Author Topic: pizzas or pizza's  (Read 1399 times)

Re: pizzas or pizza's
« Reply #20 on: 11 Jul 2020, 03:42 »
I think it’s possible that both meanings will exist and we will just have to do a bit of work based on context. Like if I started talking about “20’s gangsters”, you’ll probably know that I was referring to a prohibition-era, Irish- and Italian-American criminal gangs. The things we’ll be referencing after the 2020’s will be very different (global nuclear warfare, the Great Population Decimation, The Trump Empire, you know, the nostalgic stuff).

You guys could be right, but no doubt lots of clarification and confusion. I mean, even '20s gangsters' - could totally refer to the Trump admin's second term. (laugh) (Let's hope not.)

« Reply #21 on: 11 Jul 2020, 10:55 »
You might be right, but I’d actually assume the opposite, at least in the western world. Decades in the 20th Century were quite iconic due to rapid social progress, tech and lifestyle/culture changes, major changes in warfare, etc. I think this became the basis for labels like ‘the 20s’ becoming a reference to a specific period of change. I don’t think these labels will suddenly shift to decades this century.

I think the first time was the term "The Roaring '20s" people used to refer to the "good old days" of the 1920s before the Stock Market Crash and the Great Dustbowl.

Re: pizzas or pizza's
« Reply #22 on: 18 Jul 2020, 19:06 »
Halfway on topic, as it concerns s's: Isn't there a rule that "eyes" should be pronounced "eyez"? Perhaps I'm just confusing it with the price-prize distinction, but when the hit song "I can see the fire in your eyes" is on, I hear "the fire in your ice", which is somewhat unfortunate.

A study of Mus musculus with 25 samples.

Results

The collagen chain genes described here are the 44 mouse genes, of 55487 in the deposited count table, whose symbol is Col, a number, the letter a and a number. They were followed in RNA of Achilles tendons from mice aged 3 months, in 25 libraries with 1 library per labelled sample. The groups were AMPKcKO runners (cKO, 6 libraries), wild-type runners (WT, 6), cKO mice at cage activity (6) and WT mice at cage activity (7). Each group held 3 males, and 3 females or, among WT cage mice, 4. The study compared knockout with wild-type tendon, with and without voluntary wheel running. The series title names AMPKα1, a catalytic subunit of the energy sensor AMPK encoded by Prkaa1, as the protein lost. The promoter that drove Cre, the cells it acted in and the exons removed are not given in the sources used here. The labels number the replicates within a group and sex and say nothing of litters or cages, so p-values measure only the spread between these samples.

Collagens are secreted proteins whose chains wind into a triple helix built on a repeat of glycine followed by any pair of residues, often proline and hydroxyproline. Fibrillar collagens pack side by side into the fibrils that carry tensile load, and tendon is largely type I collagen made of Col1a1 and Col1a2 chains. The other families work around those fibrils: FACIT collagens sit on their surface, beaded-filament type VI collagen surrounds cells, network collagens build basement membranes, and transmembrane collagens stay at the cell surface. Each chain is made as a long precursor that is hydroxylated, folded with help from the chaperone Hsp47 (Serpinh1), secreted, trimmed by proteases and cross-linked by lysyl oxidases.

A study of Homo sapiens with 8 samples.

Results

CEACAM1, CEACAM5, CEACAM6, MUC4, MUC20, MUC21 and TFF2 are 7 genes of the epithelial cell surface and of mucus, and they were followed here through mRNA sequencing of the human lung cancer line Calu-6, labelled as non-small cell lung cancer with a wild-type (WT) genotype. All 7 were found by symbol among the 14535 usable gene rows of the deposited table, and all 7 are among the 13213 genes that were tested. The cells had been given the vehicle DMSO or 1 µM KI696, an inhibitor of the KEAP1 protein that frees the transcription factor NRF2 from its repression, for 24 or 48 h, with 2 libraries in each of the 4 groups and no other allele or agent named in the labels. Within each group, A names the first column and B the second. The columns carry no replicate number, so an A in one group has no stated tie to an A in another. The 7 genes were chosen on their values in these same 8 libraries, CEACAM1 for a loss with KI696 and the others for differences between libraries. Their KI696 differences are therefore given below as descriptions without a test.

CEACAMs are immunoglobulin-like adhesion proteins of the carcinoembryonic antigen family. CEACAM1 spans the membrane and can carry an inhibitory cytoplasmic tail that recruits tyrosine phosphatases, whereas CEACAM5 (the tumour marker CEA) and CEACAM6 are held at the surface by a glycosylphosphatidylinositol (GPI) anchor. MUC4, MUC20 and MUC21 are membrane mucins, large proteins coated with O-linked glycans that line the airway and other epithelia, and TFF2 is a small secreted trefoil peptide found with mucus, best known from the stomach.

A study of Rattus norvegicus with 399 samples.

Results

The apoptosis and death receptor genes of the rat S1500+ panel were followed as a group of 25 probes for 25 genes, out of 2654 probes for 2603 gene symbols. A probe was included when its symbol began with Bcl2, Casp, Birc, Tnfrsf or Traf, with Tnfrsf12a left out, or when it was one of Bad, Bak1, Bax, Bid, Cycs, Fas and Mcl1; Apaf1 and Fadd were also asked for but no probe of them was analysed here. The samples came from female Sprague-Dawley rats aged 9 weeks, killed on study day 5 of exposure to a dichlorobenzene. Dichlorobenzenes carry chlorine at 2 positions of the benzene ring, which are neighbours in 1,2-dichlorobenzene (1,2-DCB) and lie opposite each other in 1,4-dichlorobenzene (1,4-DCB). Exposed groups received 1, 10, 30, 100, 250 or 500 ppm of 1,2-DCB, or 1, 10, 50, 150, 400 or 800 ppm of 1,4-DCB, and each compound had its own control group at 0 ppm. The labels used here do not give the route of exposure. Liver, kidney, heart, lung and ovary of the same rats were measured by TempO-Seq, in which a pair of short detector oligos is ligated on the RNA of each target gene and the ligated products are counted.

« Reply #23 on: 18 Jul 2020, 19:58 »
I think that's just a matter of accent. Brits tend to make esses into zeds. I notice that some British Muslims pronounce esses as esses - especially in 'Islam' and 'Muslim', but it's not against any rule.

Re: pizzas or pizza's
« Reply #24 on: 18 Jul 2020, 22:43 »
So for most non-brits, "eyes" and "ice" sounds the same?

« Reply #25 on: 18 Jul 2020, 23:21 »
Ali is no doubt correct that this may vary with accent, but some googling indicates that the general rule (which most native speakers will probably not be consciously aware of) is that the pluralizing -s is pronounced voiced, /z/, if the word ends with a vowel or glide, a voiced consonant, or a sibilant (in which case you have to insert a vowel so that you get -es, pronounced /ɪz/ or /əz/).

So you have (in half-assed notation):
tree-z (vowel)
eye-z (glide)
bed-z (voiced consonant)
wish-ez (sibilant)

However, when you have a word ending in an unvoiced consonant, the -s is unvoiced, /s/:
pin-s
cop-s

I'd also think, though, that the actual realization of these sounds will depend on the surrounding speech segments: for example, it's fairly common for sentence-final sounds to become spontaneously devoiced (because it's harder to articulate the voicing when there's no vowel following it).

« Reply #26 on: 18 Jul 2020, 23:59 »
Snarky, I was literally just teaching that exact lesson to kids yesterday. You covered a few more cases than I thought of, but I will introduce them later on. YOINK!

« Reply #27 on: 19 Jul 2020, 11:10 »
So you have (in half-assed notation):
tree-z (vowel)
eye-z (glide)
bed-z (voiced consonant)
wish-ez (sibilant)

However, when you have a word ending in an unvoiced consonant, the -s is unvoiced, /s/:
pin-s
cop-s
I'm more of just a speaker than someone who knows all the intricate rules, so to be totally honest, I don't get the differences between the classifications you listed, but I've always pronounced it 'pinz' (the link shows a word with a different meaning, but I can't find audio of 'pins' on the internet anywhere).
« Reply #28 on: 19 Jul 2020, 11:29 »
You're right, Babar, and that's because /n/ is of course a voiced consonant (in English; Welsh apparently has a voiceless N). I stupidly mixed it up with the N–M distinction (alveolar vs. bilabial), thinking it fit the T–D, K–G, P–B pattern.

I should say that voiced and voiceless S is one of the things I'm pretty sure I regularly screw up in my own speech, along with the NEAR/SQUARE vowel types (my vowels are a very strange mix of English and American).